Thinking about joining the military? Here’s what you should consider

Thinking+about+joining+the+military%3F+Here%27s+what+you+should+consider

courtesy of Luca Dickton

Luca Dickten, Opinions Editor

At the beginning of my senior year, I wanted to go to medical school. By the end of my senior year, I had enlisted in the Marine Corps and was preparing myself to ship to bootcamp.   

It took me months to finally make the decision to enlist and it’s a decision I would urge anyone to make very carefully. 

The military isn’t a job you can walk away from. If you’re enlisting or commissioning, you will serve the duration of that contract or longer.

Before I swore the oath of enlistment at military entrance processing, I signed papers like every other American joining the military. And if a war is declared, my contract can be extended for the duration of that conflict.

The majority of service members I’ve met joined straight out of high school. Their diversity in background and personality is only rivaled by their diversity in reasons for joining. 

All reasons are of course valid, but I’m troubled by the amount of young Americans I meet who enlisted or commissioned just to fund a degree.

If you are considering joining the military for the sole reason of paying for college, I’d think long and hard before doing so.

If you make the decision to join the military to pay for college, you should consider that events out of your control may extend your contract. It also cannot be guaranteed that you will not be deployed into a combat zone.

To put it bluntly, you have to be willing and ready to enter into combat and possibly kill or be killed for your country if you just want a college education paid for by the government.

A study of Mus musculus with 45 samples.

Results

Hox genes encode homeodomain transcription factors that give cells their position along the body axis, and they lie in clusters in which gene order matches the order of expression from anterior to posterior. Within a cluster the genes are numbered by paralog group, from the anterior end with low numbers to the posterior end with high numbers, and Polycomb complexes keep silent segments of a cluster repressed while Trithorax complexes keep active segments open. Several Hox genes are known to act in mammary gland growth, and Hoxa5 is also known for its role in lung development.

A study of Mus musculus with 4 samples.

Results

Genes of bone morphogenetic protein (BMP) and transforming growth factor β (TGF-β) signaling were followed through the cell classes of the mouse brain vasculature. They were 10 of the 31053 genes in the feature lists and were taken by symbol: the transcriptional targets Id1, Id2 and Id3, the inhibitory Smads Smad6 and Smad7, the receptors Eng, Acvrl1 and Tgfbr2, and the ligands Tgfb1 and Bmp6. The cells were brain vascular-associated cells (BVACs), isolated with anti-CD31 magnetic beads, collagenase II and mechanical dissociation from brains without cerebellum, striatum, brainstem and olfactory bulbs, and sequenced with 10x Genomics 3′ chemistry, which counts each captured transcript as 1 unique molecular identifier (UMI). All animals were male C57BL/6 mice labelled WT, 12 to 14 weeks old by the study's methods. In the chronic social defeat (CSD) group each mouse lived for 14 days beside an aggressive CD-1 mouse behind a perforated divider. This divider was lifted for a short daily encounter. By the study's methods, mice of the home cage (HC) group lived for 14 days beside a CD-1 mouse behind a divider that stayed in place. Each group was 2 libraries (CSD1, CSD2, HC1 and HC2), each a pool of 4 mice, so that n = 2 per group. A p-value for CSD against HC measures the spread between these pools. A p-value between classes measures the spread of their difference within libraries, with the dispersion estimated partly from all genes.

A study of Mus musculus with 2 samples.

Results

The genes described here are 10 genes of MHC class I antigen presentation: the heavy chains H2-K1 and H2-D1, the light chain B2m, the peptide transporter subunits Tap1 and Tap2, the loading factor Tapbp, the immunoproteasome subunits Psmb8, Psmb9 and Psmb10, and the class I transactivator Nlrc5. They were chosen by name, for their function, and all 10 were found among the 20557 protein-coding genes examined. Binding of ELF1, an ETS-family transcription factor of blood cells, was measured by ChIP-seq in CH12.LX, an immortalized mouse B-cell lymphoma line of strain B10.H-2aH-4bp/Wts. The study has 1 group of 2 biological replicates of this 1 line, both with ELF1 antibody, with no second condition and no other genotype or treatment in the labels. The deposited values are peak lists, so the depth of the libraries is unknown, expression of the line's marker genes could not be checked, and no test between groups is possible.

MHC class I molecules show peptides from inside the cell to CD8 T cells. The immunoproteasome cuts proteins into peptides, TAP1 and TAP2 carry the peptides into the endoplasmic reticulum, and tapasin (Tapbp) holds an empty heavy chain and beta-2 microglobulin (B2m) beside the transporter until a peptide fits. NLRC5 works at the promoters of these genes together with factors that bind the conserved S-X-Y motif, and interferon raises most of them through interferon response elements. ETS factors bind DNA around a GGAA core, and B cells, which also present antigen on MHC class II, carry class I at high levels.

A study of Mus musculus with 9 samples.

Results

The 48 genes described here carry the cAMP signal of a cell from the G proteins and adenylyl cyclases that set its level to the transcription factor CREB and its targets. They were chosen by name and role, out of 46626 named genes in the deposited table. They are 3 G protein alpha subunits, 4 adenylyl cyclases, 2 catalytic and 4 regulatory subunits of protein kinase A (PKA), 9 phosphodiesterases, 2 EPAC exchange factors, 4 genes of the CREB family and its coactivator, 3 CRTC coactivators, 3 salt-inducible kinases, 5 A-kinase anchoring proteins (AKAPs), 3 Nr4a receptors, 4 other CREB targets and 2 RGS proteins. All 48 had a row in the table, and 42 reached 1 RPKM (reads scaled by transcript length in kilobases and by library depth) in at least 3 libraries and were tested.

If you have different reasons for joining, you need to understand that in the military nothing is guaranteed. I can’t say when I’m going to be home or if I’m going to be able to take leave for a birthday, wedding, funeral, or any other important events with my friends and family. 

You can’t be guaranteed a specific job or a certain duty station and more often than not, you’re not getting what you want.

Despite all that I genuinely enjoy being a Marine and I wouldn’t go back on enlisting.

I understood the drawbacks when I joined and I accepted them. Now, I enjoy the sense of brotherhood the Marine Corps prides itself in. The next couple years of my contract is going to contain a lot of adversity but it’s the fact that I’ll be dealing with them, with my brothers and sisters, that keeps me motivated and excited for the coming years.

The experience of joining the military isn’t something I’d push someone to do.  They have to find the commitment and courage within themselves. If you feel it’s the right path for you, I encourage you to speak with someone currently serving in the branch you’re choosing in addition to getting in contact with a recruiter.

It’s not for everyone. But if you believe serving your country is something you have to do, then put your head down and get ready to work. It could well be the most worthwhile decision you ever make.

Luca Dickton was the opinions editor for The Californian and graduated in 2019. He is a U.S. Marine.